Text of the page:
State to revamp inter-library loan service
For decades, if a particular book wasn’t available at the local library, a patron could order it from another one in the region. The item would then be delivered to the nearest library for pickup.
For years, about 3 million items have been delivered from one library to another. But on July 3, the Connecticut State Library will temporarily suspend the service, called deliverIT CT, in an effort to restructure the system while meeting budget constraints.
State library officials expect the service to be available again in mid-July, with changes designed to make the system more equitable among 167 local libraries of different sizes. When the deliveries resume, each library will be able to get or receive about 375 books and other items a week.
State funding for deliverIT CT has been relatively steady for 27 years, but the overall state library budget has been cut significantly in recent years. The agency is projected to receive about $8.3 million next fiscal year, about $5 million less than 2009, said Dawn La Valle, the library’s director of library development. President Donald Trump has also threatened to cut federal funds for state libraries.
“At this point we are focused on retooling to provide this equitable service, but it’s all contingent on the availability of state and federal resources,” La Valle said.
DeliverIT CT has been around for about 40 years. At one point, state employees and a private vendor shared delivery duties, but in 2015 the vendor terminated its contract, La Valle said. Since then, the state has handled the service alone, but keeping up has been tough, she said.
“We have been working with the library community over the past year and a half because it’s not sustainable,” La Valle said.
Under the current system, delivery trucks pick up and drop off items more frequently at some libraries than others, depending on size, La Valle said. The new system will transfer roughly the same amount for each library.
“We’re going to create a service that is fair and equitable to all libraries in the state of Connecticut,” she said. “They all get the same level of service, whether they’re a small library or a large library.”
This is more frequently than in recent months because the delivery driver for C.H. Booth, Bethel and other libraries has been out of work on an injury. Sometimes as many as 30 bins have been sitting in a shed waiting to be picked up, Tatarka said.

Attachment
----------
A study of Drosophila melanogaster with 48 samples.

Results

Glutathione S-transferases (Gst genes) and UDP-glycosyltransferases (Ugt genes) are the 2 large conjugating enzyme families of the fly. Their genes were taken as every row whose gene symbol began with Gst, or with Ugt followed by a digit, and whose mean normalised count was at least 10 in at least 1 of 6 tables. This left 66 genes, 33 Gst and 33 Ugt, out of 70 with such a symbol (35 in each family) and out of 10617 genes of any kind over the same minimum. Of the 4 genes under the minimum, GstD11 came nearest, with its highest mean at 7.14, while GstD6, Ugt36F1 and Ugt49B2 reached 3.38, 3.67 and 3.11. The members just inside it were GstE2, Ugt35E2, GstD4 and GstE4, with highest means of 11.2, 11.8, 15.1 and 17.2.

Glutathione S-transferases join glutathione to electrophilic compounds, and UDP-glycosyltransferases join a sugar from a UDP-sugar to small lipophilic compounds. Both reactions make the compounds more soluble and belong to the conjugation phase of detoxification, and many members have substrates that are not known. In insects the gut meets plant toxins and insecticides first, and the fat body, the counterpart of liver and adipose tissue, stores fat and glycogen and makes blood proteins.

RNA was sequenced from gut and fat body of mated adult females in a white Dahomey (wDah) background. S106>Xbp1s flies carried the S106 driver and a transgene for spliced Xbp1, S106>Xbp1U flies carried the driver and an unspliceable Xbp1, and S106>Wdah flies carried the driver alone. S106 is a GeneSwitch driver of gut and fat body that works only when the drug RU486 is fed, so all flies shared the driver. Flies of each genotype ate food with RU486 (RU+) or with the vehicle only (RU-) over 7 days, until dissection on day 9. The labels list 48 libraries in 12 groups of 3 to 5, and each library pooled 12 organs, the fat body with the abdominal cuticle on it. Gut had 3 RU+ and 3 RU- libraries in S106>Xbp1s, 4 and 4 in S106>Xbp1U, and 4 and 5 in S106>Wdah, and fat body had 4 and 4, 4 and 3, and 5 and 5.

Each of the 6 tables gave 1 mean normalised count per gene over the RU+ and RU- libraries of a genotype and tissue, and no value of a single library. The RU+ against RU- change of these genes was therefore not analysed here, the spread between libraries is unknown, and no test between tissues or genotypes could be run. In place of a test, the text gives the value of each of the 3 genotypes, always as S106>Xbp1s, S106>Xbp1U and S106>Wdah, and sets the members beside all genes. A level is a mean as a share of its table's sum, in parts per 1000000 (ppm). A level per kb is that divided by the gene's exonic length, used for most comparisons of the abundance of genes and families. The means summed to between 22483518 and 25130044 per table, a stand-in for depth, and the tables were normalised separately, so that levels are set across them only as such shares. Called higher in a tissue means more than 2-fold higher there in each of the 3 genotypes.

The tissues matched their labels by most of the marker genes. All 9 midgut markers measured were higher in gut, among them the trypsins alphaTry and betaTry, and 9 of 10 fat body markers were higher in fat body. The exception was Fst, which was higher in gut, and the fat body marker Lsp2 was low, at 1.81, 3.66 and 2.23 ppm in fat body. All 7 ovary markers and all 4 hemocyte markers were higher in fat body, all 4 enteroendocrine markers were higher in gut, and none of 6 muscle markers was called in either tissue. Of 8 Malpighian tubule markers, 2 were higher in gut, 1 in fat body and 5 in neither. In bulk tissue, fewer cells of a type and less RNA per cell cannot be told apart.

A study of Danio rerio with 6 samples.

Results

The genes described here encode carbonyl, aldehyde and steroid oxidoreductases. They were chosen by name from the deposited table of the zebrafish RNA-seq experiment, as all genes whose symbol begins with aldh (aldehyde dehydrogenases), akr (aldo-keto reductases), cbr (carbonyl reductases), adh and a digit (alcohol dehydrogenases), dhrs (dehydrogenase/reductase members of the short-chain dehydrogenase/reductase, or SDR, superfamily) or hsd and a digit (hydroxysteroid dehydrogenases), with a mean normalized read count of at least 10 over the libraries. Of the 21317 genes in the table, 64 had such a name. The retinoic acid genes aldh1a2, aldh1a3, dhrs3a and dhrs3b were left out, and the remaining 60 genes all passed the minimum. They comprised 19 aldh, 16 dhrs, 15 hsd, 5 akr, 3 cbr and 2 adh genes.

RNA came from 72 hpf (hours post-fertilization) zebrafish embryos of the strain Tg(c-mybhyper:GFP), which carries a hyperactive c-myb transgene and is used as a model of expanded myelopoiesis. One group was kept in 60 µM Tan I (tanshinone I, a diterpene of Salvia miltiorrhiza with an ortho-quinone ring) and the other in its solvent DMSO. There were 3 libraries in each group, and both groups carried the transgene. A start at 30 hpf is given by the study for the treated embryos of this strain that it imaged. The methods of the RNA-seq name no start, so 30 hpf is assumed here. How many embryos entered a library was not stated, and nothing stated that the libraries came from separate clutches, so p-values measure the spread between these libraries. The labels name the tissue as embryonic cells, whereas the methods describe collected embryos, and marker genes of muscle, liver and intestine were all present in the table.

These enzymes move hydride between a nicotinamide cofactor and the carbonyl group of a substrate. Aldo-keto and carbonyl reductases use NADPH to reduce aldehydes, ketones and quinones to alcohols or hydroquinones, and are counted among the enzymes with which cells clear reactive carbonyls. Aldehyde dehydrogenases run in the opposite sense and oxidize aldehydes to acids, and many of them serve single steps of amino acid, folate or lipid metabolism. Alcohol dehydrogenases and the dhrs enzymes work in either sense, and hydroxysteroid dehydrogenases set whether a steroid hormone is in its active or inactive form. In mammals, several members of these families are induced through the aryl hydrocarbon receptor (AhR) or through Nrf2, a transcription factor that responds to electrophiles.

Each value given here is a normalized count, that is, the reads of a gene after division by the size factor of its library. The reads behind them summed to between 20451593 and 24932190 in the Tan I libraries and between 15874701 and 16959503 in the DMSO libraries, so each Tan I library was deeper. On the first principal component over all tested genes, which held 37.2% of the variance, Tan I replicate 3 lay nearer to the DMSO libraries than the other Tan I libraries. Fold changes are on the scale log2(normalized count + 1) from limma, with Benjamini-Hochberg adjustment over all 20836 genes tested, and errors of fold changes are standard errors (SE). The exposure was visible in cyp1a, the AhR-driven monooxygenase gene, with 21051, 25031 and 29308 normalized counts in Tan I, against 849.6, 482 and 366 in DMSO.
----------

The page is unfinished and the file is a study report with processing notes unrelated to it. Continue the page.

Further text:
“It will be much better for our patrons,” she said. “It will be more reliable.”
To prepare for the suspension, many libraries in the Danbury area are stopping the practice of placing holds on books from other towns, unless the patron is willing to pick up the item himself.
The Bethel Library is encouraging patrons to drop off books borrowed from other towns at those libraries, rather than in Bethel, to avoid long delays in the return of items.
Bethel Library Director Lynn Rosato said this will be a challenge for patrons accustomed to getting books from other libraries.
“It’s a very convenient service,” Rosato said. “That’s going to be a tough thing to deal with.”
“It’s really a severe situation right now,” she said. “It’s kind of a bit of a crisis.”
Tatarka said libraries have had to limit how many items they sent to other towns. Cech said her staff sometimes undertakes deliverties on their own.
“It’s not a solution,” Cech said.
But librarians praised DeliverIT CT, saying it allows them to save money and resources while offering a wide range of items they do not have in their own buildings.
“It’s a way for (patrons) to meet their information needs on any topic,” Tatarka said.
“We also have university libraries that are part of this delivery service, so if we have people that want to get more higher-level reading materials on a certain topic, it allows them to do that,” she said. “It’s really a way for people to facilitate self-education.”
Cech said she fears the new system will not meet Brookfield’s needs and the library will have to hire a private vendor to supplement the service. This would be a problem, she said, since the town has already passed its 2017-18 budget.
But Rosato said she does not anticipate the Bethel Library having problems with the new system.
“Once it gets back up and running we’ll be okay,” she said.